US long-term mortgage rates decline; 30-year average down to 4.10%.
WASHINGTON — U.S. long-term mortgage rates declined this week for a second straight week, reversing the upward trend in April as a lure to potential home buyers.
Mortgage buyer Freddie Mac said Thursday the average rate on the 30-year, fixed-rate mortgage fell to 4.10% from 4.14% last week. By contrast, a year ago the benchmark rate stood at 4.55%.
The average rate for 15-year, fixed-rate home loans eased this week to 3.57% from 3.60% last week.
Mortgage costs are influenced by the yield on the 10-year Treasury note, which was pushed lower this week as many investors concerned over the continuing U.S.-China trade war shifted money from volatile stocks to the bond market. Bond yields fall as prices rise.
The yield on the 10-year note was 2.48% late Wednesday, down from 2.5% a week earlier. It fell further to 2.44% around midday Thursday.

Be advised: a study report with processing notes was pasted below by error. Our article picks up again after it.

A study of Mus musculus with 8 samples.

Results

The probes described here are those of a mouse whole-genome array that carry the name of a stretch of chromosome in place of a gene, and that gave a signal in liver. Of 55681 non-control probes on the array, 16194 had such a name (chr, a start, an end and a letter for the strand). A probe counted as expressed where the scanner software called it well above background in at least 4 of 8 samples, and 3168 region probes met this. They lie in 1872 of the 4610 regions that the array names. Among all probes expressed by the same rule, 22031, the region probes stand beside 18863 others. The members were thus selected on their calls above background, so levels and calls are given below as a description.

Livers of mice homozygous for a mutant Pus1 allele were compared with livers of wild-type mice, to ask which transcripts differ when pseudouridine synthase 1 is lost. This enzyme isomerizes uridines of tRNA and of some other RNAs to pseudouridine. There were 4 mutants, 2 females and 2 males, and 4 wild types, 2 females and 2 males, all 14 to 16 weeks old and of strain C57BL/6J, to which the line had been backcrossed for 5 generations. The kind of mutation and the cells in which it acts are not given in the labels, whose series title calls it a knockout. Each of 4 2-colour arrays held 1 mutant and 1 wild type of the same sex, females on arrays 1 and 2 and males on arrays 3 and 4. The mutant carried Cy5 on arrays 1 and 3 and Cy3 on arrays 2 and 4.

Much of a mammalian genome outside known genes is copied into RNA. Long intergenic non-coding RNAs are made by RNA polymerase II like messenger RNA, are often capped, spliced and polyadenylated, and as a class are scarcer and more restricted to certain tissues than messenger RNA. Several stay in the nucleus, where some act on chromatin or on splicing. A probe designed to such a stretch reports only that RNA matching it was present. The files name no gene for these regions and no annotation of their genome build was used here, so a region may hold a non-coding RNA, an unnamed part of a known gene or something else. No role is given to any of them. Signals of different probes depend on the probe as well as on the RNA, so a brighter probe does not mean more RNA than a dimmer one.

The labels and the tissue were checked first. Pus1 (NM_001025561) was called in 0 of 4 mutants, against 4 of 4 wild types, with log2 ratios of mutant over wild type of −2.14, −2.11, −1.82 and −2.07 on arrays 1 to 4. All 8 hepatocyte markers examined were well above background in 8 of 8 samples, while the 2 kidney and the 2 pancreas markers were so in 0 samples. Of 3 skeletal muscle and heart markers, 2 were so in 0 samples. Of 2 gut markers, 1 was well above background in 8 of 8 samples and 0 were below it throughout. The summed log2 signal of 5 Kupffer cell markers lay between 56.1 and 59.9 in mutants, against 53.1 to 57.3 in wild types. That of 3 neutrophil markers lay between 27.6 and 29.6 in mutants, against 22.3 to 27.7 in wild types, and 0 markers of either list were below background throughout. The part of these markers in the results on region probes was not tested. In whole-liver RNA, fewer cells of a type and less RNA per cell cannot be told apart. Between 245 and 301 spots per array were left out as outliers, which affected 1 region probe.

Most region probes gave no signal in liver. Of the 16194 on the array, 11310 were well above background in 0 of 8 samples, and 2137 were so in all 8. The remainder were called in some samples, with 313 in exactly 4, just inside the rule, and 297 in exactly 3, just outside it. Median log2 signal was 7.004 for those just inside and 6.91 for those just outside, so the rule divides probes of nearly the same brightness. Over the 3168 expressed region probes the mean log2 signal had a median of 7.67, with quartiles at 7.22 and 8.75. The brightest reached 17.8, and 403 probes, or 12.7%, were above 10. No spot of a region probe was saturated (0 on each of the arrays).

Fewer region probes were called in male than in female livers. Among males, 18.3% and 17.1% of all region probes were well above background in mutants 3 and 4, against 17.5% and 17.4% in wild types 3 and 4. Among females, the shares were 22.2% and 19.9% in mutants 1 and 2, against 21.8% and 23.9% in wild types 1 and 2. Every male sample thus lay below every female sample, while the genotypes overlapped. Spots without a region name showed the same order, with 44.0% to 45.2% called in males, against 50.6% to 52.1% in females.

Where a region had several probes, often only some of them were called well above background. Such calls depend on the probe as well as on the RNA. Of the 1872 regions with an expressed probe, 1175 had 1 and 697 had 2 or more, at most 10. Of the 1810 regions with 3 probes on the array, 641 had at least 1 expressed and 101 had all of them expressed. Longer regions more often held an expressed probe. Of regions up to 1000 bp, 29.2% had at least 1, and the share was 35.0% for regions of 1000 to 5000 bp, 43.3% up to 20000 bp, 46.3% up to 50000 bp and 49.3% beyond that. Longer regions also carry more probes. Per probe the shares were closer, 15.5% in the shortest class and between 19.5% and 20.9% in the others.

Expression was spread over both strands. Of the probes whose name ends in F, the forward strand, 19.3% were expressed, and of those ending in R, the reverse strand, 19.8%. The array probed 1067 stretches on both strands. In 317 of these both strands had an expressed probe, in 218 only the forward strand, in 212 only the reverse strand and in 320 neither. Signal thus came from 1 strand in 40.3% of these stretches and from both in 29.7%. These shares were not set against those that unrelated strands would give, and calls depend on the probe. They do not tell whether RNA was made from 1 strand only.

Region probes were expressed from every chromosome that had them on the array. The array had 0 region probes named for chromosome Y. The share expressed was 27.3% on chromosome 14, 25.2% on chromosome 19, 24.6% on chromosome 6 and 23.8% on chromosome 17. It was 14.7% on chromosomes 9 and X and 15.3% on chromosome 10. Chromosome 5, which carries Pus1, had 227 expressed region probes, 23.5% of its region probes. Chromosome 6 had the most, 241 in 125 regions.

For this summer, Freddie Mac is expecting mortgage rates to be about a quarter to a half percentage point lower than a year earlier, a potential boost to home sales.
Freddie Mac surveys lenders across the country between Monday and Wednesday each week to compile its mortgage rate figures.
The average doesn’t include extra fees, known as points, which most borrowers must pay to get the lowest rates.
The average fee on 30-year fixed-rate mortgages was unchanged this week at 0.5 point.
The average fee for the 15-year mortgage held at 0.4 point.
The average rate for five-year adjustable-rate mortgages fell to 3.63% from 3.68% last week. The fee remained at 0.4 point.